When a company is in trouble, everyone in the industry seemingly comes out of the woodwork to offer up advice. Unsurprisingly, following the bad fiscal report from Nintendo today and the word from CEO Satoru Iwata that the company is examining a new business structure, Wedbush analyst Michael Pachter has chimed in, commenting in his latest note to investors that it's time for Nintendo to abandon the Wii U.
"It is clear to us that the old Nintendo model of proprietary hardware supported by compelling proprietary software is broken," he said. "Nintendo's proprietary software continues to be first rate, but its console hardware is not competitive; the Wii U is under-powered relative to next generation offerings from Sony and Microsoft, and is not competitively priced (priced similar to current generation offerings from the competition). We don't think Nintendo should exit the console hardware business, but think it should consider getting out of the Wii U business, and consider going back to the drawing board on consoles. Nintendo has a console in the marketplace that isn't working, and if it continues to tilt at windmills, its software sales will suffer."
So what's the solution for Nintendo? In Pachter's opinion, the company must swallow its pride and start publishing its first-rate software on competing platforms. Then, once Nintendo is ready to bring a more competitive console to the market, it can withdraw its support from the other systems and focus on its own platform again.
"Under its current business model, if Nintendo discontinued the Wii U, it would sell no console software. We believe that it should reconsider its 'all proprietary, all the time' model, and should consider making its proprietary console software available on other platforms until it is able to release a new console. Once Nintendo has a new console on the market, we think it would make sense for the company to pull all of its software from the PS4 and Xbox One, and go back to being a proprietary software maker. In the meantime, we believe that the company has a problem that it is not acknowledging or addressing," he stated.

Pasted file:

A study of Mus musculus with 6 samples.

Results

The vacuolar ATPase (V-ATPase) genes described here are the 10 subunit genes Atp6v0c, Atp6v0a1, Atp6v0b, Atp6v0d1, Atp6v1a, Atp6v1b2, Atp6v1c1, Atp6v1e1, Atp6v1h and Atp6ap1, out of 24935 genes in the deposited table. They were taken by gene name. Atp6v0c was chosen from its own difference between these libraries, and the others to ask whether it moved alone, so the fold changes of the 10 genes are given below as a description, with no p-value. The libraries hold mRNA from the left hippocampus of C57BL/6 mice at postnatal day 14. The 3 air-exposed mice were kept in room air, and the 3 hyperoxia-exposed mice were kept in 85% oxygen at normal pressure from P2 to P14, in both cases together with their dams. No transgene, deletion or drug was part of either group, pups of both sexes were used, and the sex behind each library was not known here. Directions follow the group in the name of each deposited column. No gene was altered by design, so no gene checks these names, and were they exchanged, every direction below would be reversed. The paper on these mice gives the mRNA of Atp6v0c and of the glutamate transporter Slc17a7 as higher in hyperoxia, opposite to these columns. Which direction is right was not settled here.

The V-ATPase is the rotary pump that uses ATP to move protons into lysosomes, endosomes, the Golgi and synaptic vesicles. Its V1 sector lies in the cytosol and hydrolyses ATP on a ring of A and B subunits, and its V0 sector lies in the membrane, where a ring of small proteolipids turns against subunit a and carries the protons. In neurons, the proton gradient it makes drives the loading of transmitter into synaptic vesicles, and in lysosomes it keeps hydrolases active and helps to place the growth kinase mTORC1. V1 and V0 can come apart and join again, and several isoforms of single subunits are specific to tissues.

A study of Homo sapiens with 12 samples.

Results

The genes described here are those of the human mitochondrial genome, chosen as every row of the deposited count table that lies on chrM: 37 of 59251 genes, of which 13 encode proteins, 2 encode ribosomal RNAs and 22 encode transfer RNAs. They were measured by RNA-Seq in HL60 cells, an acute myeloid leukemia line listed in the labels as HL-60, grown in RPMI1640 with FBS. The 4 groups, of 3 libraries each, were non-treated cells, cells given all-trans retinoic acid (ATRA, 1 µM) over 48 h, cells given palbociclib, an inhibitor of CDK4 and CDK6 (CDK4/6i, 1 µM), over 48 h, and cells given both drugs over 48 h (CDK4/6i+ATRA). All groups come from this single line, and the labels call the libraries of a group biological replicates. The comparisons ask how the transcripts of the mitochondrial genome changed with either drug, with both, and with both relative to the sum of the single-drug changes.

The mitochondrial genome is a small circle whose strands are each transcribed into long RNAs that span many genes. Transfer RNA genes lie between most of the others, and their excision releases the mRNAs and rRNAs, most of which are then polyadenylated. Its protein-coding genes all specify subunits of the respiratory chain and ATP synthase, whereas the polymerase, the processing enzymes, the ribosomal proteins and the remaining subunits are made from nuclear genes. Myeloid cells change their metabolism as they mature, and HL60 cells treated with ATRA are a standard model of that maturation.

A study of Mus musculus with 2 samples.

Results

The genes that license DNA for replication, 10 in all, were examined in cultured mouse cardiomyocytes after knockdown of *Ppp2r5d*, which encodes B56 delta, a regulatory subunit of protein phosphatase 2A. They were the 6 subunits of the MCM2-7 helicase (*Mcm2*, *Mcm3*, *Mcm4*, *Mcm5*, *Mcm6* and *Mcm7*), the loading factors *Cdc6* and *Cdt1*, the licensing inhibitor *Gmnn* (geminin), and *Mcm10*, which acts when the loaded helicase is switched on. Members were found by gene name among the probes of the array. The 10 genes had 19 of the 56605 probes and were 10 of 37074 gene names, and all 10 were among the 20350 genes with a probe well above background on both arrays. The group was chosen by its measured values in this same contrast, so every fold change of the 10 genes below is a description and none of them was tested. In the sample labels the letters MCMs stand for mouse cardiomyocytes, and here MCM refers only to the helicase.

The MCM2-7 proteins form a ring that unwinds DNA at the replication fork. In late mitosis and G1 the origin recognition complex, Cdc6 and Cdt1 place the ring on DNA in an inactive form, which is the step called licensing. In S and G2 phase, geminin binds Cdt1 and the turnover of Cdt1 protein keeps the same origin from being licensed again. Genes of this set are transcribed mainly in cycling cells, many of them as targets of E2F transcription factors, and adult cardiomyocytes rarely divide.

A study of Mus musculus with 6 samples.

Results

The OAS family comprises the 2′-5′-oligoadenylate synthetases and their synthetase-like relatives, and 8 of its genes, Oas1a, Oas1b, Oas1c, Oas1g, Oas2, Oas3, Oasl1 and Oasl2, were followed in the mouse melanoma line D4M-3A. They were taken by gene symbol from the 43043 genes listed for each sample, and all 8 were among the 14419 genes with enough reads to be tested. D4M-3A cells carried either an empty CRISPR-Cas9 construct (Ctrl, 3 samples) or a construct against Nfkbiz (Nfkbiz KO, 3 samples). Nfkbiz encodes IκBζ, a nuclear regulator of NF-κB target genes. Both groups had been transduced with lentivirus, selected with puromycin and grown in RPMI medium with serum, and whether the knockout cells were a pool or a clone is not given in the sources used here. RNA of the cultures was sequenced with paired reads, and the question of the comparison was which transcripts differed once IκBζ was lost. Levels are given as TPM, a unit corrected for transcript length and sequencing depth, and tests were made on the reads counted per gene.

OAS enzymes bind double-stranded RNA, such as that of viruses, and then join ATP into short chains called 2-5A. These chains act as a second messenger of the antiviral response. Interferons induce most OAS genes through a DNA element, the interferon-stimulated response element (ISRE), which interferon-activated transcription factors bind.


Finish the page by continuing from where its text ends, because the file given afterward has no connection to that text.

Additionally, Pachter believes it's high time that Nintendo give in to the world of smartphones, but only with legacy software: "The company's handheld woes are far more complicated. The handheld business is not failing, but Nintendo handhelds have lost share to mobile and tablet games, and the company will have trouble getting that back. We believe that Nintendo would benefit immensely from embracing mobile and tablet, placing GBA games on those platforms for paid download ($4.99 - 9.99) and developing a broader audience, then releasing current games on the 3DS and exploiting its larger customer base by convincing them to buy a 3DS and a more expensive game. That's hard to pull off, but we believe that Nintendo has the IP to do so."
"We don't believe that Nintendo's troubles are indicative of anything other than that it has an uncompetitive console in the marketplace and mobile is cannibalizing dedicated handheld sales. If Nintendo management addresses these problems, we think that the company has sufficiently strong IP to reverse course and become profitable," he concluded.